South Dakota tribal official urges improved health services

By Chet Brokaw
Pierre, South Dakota (AP) Jan. 2010

South Dakota’s authorities must certify and license more tribal substance abuse and mental health programs to improve services for American Indians and shift the cost to the federal government, an Indian health care advocate said during January.

Even though the federal government guaranteed health care services to Indians in treaties signed more than a century ago, Indians have more severe health problems than other Americans, said Dr. Donald Warne, executive director of the Aberdeen Area Tribal Chairmen’s Health Board.

Indians have a greater incidence of diabetes, infant mortality, smoking and cancer deaths, Warne said at an annual gathering on Indian issues held in the rotunda of the state Capitol. The average South Dakotan lives to be 81, but the average Indian in the state lives to only 59, he said.

“If you look at Indian Country as a whole, American Indians are less healthy than the rest of the population,” Warne said. “It’s worse than most third world countries, and it’s right here.”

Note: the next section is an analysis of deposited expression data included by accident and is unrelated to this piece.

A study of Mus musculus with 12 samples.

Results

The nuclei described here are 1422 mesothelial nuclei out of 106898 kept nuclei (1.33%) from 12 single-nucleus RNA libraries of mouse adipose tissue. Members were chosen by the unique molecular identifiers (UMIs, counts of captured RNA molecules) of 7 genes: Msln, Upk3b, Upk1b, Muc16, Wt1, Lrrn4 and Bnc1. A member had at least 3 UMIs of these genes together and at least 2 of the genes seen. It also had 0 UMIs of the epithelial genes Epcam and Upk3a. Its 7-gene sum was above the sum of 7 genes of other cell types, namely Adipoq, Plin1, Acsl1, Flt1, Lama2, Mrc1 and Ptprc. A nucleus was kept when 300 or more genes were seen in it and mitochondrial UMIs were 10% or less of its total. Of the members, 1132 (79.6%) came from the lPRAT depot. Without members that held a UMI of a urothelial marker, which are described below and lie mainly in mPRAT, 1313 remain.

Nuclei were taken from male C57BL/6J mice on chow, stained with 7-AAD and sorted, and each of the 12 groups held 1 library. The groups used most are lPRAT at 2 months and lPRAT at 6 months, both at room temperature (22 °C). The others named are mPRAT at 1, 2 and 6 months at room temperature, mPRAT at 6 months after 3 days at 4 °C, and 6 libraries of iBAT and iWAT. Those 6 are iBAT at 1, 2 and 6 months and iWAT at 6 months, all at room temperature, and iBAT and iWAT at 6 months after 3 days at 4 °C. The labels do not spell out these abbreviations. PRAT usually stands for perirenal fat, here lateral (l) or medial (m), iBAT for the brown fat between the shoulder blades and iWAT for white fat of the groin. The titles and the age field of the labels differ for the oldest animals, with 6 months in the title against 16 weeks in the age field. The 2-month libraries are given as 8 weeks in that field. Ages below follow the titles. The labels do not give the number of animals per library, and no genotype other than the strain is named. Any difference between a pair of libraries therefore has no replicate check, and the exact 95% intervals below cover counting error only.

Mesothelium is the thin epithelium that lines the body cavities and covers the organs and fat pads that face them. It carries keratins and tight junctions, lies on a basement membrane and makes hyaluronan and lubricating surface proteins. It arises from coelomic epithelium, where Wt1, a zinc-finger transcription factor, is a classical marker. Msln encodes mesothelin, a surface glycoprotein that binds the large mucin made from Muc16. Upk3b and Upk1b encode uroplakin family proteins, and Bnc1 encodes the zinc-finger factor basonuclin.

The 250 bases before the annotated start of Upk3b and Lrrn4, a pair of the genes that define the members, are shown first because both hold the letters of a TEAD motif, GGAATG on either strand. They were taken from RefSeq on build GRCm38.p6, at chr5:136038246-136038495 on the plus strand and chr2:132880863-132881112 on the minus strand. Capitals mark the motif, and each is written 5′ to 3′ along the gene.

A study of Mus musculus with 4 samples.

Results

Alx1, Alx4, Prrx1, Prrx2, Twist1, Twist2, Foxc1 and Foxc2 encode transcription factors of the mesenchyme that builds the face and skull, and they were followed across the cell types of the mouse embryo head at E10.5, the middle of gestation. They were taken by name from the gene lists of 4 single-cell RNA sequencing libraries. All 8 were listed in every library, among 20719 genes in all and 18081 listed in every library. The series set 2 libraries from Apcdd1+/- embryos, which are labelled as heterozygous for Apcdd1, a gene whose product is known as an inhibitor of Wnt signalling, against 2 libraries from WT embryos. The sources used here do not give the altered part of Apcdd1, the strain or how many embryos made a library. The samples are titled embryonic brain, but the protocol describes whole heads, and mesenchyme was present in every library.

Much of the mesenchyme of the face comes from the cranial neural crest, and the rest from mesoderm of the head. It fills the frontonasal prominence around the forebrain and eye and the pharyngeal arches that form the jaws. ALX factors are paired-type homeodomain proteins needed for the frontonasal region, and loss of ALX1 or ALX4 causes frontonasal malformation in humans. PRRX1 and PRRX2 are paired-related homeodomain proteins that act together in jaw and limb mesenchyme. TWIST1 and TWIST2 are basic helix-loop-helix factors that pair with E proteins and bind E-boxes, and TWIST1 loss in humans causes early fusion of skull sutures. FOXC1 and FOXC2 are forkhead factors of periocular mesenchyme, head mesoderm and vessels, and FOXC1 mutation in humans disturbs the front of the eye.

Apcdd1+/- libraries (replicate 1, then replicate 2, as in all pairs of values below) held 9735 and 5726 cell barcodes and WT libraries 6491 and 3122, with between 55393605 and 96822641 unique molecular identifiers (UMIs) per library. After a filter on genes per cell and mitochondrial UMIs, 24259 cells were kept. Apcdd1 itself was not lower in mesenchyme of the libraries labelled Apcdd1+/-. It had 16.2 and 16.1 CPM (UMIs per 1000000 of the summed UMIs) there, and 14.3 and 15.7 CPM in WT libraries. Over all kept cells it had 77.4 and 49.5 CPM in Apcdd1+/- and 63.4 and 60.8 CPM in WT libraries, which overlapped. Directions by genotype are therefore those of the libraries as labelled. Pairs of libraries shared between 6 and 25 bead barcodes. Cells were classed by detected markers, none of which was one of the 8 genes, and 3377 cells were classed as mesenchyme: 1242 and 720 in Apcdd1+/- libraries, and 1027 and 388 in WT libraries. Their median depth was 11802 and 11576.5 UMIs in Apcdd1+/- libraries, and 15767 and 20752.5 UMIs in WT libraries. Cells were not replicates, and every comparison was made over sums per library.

Tribal members get treatment from the Indian Health Service, which is funded entirely by the federal government, Warne said. If they are treated in other facilities, they also may qualify for Medicaid, the state-federal program that covers health care expenses for impoverished people, he said.

The state pays one-third of the cost of Medicaid, while the federal government pays the other two-thirds.

If the state licensed and certified more tribal programs that provide treatment for mental health problems and drug and alcohol abuse, the federal government would pay 100 percent of the cost, Warne said. Tribal members now sometimes get treated at other facilities, which causes the state to cover a third of the cost under the Medicaid program, he said.

A change to more tribal programs not only would improve services, but also would save state government millions of dollars, said Warne, whose nonprofit organization is run by the chairmen of 17 tribes in North Dakota, South Dakota, Iowa and Nebraska.

“The beauty of this is it doesn’t cost the state a dime,” Warne said. “Not only are we saving money in the long run, we’re saving lives.”

State Human Services Secretary Jerry Hofer said the state has already started working with tribes to accredit mental health and substance abuse programs. “We’re certainly willing to collaborate wherever we can.”

Hofer said the South Dakota Legislature passed a law a year ago that allows the state to accredit tribal programs that have contracts with the Indian Health Service. One program from the Pine Ridge Indian Reservation has since been accredited, he said.

The state has done a lot of work with tribes on programs that deal with alcohol and drug abuse, he said.